Simple exchange of thanks

SUN JOURNAL

Trains: Veterans groups honor the memory of boxcars filled with U.S. aid to France and French gifts to America.

November 11, 2003|By Candus Thomson | Candus Thomson,SUN STAFF

MANCHESTER, N.H. — MANCHESTER, N.H.- It's easy to miss the gray boxcar. It sits in a plain brick pavilion on a dead-end street in this city's French Canadian neighborhood.

The simple heartfelt message on the building - "Merci" - also gets lost these days in trans-Atlantic taunts involving Freedom fries and wild-West foreign policy.

In the years after World War II, railroad cars such as this one represented a bond of friendship, a time when Americans and Frenchmen gladly reached across the ocean to each other.

And on this Veteran's Day around the country, American Legion members will gather at several of the wooden "Merci" boxcars to lay wreaths and read the names of comrades who have died this year.

"They're a piece of history," says Fred Teague, 77, a Navy veteran and retired cabinetmaker who maintains Manchester's boxcar. "There's not many of the boxcars left, but there's not too many of us left, either."

About 4.7 million American men and 33,000 women served in the military in World War I. The Department of Veterans Affairs estimates fewer than 500 are alive. Of the 16.1 million Americans who served in World War II, slightly more than one-fourth remain.

With their deaths, the Merci boxcars have become part of the distant past, along with Kilroy, who was everywhere, and cartoonist Bill Mauldin's combat-weary Willie and Joe.

In 1947, with France still reeling from the effects of war, newspaper columnist Drew Pearson championed a relief drive. Americans responded, filling a 700-car "Friendship Train" with $40 million in food and clothing to help the French get back on their feet.

The French, led by Andre Picard, a veteran and railroad worker, responded with a train of their own, which rolled from province to province collecting gifts. Grateful residents filled 49 boxcars with items from their homes: paintings and sculptures, dolls and photographs, scrapbooks and satin wedding dresses.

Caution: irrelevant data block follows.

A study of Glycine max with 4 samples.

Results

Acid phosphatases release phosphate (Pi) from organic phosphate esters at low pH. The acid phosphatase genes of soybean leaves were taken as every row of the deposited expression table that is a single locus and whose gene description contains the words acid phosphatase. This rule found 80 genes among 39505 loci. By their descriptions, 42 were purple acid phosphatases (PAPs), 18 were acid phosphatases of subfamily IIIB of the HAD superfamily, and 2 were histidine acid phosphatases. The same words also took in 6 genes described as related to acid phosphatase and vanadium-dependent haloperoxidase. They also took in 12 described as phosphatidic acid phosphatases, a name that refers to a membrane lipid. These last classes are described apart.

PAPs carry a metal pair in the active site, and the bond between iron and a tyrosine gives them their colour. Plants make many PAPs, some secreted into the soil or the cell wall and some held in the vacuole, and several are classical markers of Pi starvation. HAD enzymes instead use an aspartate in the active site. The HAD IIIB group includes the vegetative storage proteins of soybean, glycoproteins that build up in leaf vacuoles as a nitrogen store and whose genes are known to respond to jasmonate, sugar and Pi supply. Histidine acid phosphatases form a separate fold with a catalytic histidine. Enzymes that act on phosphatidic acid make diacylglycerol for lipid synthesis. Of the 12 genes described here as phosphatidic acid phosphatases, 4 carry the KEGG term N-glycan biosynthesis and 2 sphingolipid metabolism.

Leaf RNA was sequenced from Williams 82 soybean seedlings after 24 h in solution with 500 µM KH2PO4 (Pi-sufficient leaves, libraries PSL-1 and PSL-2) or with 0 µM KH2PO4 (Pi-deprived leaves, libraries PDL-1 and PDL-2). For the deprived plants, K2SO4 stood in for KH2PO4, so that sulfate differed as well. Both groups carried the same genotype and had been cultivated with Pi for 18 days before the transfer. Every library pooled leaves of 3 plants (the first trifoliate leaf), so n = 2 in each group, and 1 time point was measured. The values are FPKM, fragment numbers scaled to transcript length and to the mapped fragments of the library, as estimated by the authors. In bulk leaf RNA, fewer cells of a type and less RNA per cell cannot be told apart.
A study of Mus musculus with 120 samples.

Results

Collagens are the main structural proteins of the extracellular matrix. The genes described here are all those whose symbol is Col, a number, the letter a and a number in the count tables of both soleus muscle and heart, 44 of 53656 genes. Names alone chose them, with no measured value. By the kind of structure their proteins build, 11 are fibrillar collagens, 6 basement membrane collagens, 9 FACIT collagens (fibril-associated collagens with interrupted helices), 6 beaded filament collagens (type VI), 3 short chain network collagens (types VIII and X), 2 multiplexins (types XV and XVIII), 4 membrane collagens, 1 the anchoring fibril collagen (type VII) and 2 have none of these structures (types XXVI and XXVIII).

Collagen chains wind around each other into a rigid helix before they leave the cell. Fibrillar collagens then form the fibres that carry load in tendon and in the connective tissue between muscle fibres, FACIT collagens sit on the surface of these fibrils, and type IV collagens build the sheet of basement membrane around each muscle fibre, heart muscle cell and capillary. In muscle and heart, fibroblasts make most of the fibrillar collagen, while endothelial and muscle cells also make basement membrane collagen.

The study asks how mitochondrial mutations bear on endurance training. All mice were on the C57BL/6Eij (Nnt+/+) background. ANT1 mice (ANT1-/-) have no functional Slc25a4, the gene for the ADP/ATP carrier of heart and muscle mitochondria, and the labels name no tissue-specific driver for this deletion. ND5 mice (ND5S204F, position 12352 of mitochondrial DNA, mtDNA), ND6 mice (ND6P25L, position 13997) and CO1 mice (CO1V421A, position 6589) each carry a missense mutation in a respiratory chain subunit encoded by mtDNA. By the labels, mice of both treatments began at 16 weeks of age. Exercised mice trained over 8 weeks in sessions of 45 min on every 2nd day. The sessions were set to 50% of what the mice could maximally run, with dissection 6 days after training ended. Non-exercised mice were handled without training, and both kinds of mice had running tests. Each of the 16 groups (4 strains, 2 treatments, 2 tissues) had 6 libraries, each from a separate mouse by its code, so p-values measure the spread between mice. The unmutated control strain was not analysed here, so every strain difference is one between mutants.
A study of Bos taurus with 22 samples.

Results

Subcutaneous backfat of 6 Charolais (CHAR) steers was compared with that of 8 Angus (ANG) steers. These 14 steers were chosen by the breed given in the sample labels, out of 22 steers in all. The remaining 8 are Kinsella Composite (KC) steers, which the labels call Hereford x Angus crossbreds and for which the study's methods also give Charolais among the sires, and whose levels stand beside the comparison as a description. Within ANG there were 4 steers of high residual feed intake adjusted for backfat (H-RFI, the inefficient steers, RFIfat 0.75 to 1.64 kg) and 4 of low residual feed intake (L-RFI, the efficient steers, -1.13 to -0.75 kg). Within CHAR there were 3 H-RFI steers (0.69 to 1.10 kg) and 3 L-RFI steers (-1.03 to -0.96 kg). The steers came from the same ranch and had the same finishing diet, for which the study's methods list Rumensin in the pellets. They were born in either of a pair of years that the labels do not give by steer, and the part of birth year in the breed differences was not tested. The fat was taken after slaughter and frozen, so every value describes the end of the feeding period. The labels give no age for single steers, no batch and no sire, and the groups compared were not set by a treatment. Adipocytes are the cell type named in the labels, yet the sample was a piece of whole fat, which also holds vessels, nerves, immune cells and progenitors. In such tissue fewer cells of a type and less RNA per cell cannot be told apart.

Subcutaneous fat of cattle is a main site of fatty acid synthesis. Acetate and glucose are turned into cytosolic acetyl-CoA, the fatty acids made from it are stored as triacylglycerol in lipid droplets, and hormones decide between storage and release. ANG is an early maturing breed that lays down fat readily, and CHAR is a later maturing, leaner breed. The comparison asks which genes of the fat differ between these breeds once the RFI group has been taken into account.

Michele Paule says she was a schoolgirl in Lyon, France, when she gave a piggy bank to "le train de la reconnaissance." Her offering was placed in a boxcar bound for South Carolina.

The spontaneous nature of the gifts "was as the Merci Committee wanted it," says Earl Bennett, the unofficial boxcar historian. "They didn't want people to go out and buy things. They wanted gifts that meant something to the French people."

There was one car for each state at that time and a car to be shared by the District of Columbia and territory of Hawaii.

The outpouring of gratitude was so great that 9,000 presents had to be left at the dock in Le Havre when the freighter Magellan steamed for New York City.

The boxcars were relics of the world wars. Nine feet wide and 29 feet long, they had painted on their slats the stated capacity of "Quarante Hommes et Huit Chevaux," 40 men or eight horses. Doughboys and dog faces were carried to the front in the cramped cars dubbed "side-door Pullmans" by one G.I.

On Feb. 3, 1949, Magellan, with "Merci America" painted on its sides, arrived to the cheers of 200,000 New Yorkers.

The cars were sent on their way. In Rhode Island, the car was pulled from Woonsocket to Providence with the governor at the throttle. In Arkansas, about 10,000 people ignored the rain to view the car and a display of gifts set up in the North Little Rock High School auditorium. Manchester's car was stationed outside City Hall.

Local officials dispersed the 52,000 presents. Some went to individuals. Others were donated to historical societies, museums and colleges. In two states, the right to wear the wedding dresses was auctioned off to prospective brides.

The country moved on to the Cold War, and boxcars were soon forgotten, left on railroad sidings or in freight yards.

But New Hampshire Gov. Sherman Adams asked a branch of the American Legion, "Le Grande Voiture 40 & 8," to assume stewardship of the car.

On Veterans Day 1951, the "voyageurs" of the post dedicated the pavilion with a parade and ceremony, a practice that has continued, albeit earlier in the fall.

About 150 people gather each year. An American Legion band plays. Honor guards and the women's auxiliary march the six blocks from the William H. Jutras Post 43 to the boxcar.

"These people are keeping it a tradition in the best sense of the word," says Manchester Union Leader columnist John Clayton. "Maybe they don't keep in step the way they once did, but if it was important enough for their fathers and brothers to do it, it's important enough for them to continue."

Bennett, too, is keeping the tradition alive. The retired Air Force technician has spent a decade looking for forgotten cars and their artifacts, documenting them on his Web site, www.rypn.org.

He says the cars, built between 1872 and 1885, are in fragile condition and some have not survived the years. Massachusetts and Nebraska sold theirs for scrap. The New Jersey and Connecticut cars were destroyed in fires. The whereabouts of the Colorado and Illinois railcars are unknown, but they are presumed gone.